Many plans for climate policy, including the draft Climate Agreement, focus on green hydrogen as a way of curbing the use of fossil energy and of reducing CO2 emissions. Machiel Mulder, Jose Luis Moraga and Peter Perey of the University of Groningen investigated the economic conditions under which hydrogen can be produced and traded. They conclude that green hydrogen can only be produced economically if the following conditions are in place. Firstly, if the price of natural gas remains high for a long period of time. Secondly, if companies are required to pay a higher levy on their use of natural gas. Finally, if the electricity required for hydrogen production is largely generated using renewable energy.
According to Prof. Mulder, Prof. Moraga and Mr Perey, these conditions (favouring the use of green hydrogen) will only occur if governments intensify their climate policies and if global gas demand increases. The latter could occur, for example, if countries were to switch their electricity production from coal to natural gas. These three researchers from the Centre for Energy Economics Research published their findings in a report entitled ‘Outlook for a Dutch hydrogen market. Economic conditions and scenarios’.
Hydrogen has traditionally been produced from natural gas. This is what is known as ‘grey hydrogen’, or – if the CO2 by-product is captured – ‘blue hydrogen’. ‘Green hydrogen’ is hydrogen that is produced by electrolysis, using renewable energy. It is this green variant that is usually the focus of climate policy. Machiel Mulder and his colleagues calculated that green hydrogen will only be profitable if the expected price of electricity in the coming decades drops below € 20/MWh. In the past ten years, however, prices have never dipped that low. The average price of electricity during the last decade was € 45/MWh.
The development of green hydrogen would benefit from cheaper electricity. It is often claimed that electricity prices will fall in the future, due to the growing supply of renewable energy from wind turbines and solar panels. Machiel Mulder, Professor of Regulation of Energy Markets at the University of Groningen, questions these claims. ‘Investors will only pump money into renewable energy if electricity prices are sufficiently high for them to recoup their investment. Thus, long-term electricity prices will not sink below the level required for investors to recoup those investments. Accordingly, it will be very difficult to create the long-term conditions needed to benefit the growth of green hydrogen while, at the same time, stimulating renewable electricity production. The problem is that the former requires consistently low electricity prices while the latter requires consistently high electricity prices.’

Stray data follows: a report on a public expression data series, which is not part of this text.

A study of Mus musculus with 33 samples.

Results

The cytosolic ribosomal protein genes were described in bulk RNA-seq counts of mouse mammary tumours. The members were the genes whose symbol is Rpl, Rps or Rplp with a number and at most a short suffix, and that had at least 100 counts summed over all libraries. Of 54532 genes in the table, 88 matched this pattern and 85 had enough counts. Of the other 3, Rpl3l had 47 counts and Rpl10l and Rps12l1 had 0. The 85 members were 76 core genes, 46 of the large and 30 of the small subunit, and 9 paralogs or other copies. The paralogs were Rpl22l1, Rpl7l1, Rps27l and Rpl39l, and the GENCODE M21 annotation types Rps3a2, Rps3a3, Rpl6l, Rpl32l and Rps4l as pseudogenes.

TenneT (a power grid operator) and Gasunie (a gas transmission grid operator) recently presented a report on the role that hydrogen might play in transporting electricity from offshore wind farms to onshore facilities. The basic idea is that the cheapest way to get offshore electricity onshore is to immediately convert it into hydrogen and then to pump that ashore via existing gas pipelines. It is claimed that this approach could produce enormous savings, as it would avoid the need to expand the power network. Even so, the researchers estimate that the benefits involved would still not be sufficient to make projects of this kind economically viable. Prof. Mulder points out: ‘You can only generate hydrogen offshore when the wind is blowing, so these hydrogen installations would inevitably have a low capacity utilization factor. That is bad news, in terms of economic efficiency. This method would only become profitable if the investment costs involved in both electrolysis and renewable electricity were to drop sharply.’
However, if the conditions for green hydrogen are unfavourable, blue hydrogen could be an alternative way of reducing CO2 emissions. Low gas prices mean that the cost of blue hydrogen is also lower. At a CO2 price of at least € 30, it also becomes profitable to capture and store any CO2 released during the production of hydrogen from natural gas. Blue hydrogen would then be cheaper than grey hydrogen – in which the CO2 by-product is not captured. According to Machiel Mulder ‘In the case of blue hydrogen, too, higher taxes on the use of natural gas by industry are needed to make it an attractive alternative. So blue hydrogen, too, would only really be a promising option if a strict climate policy were to be implemented.’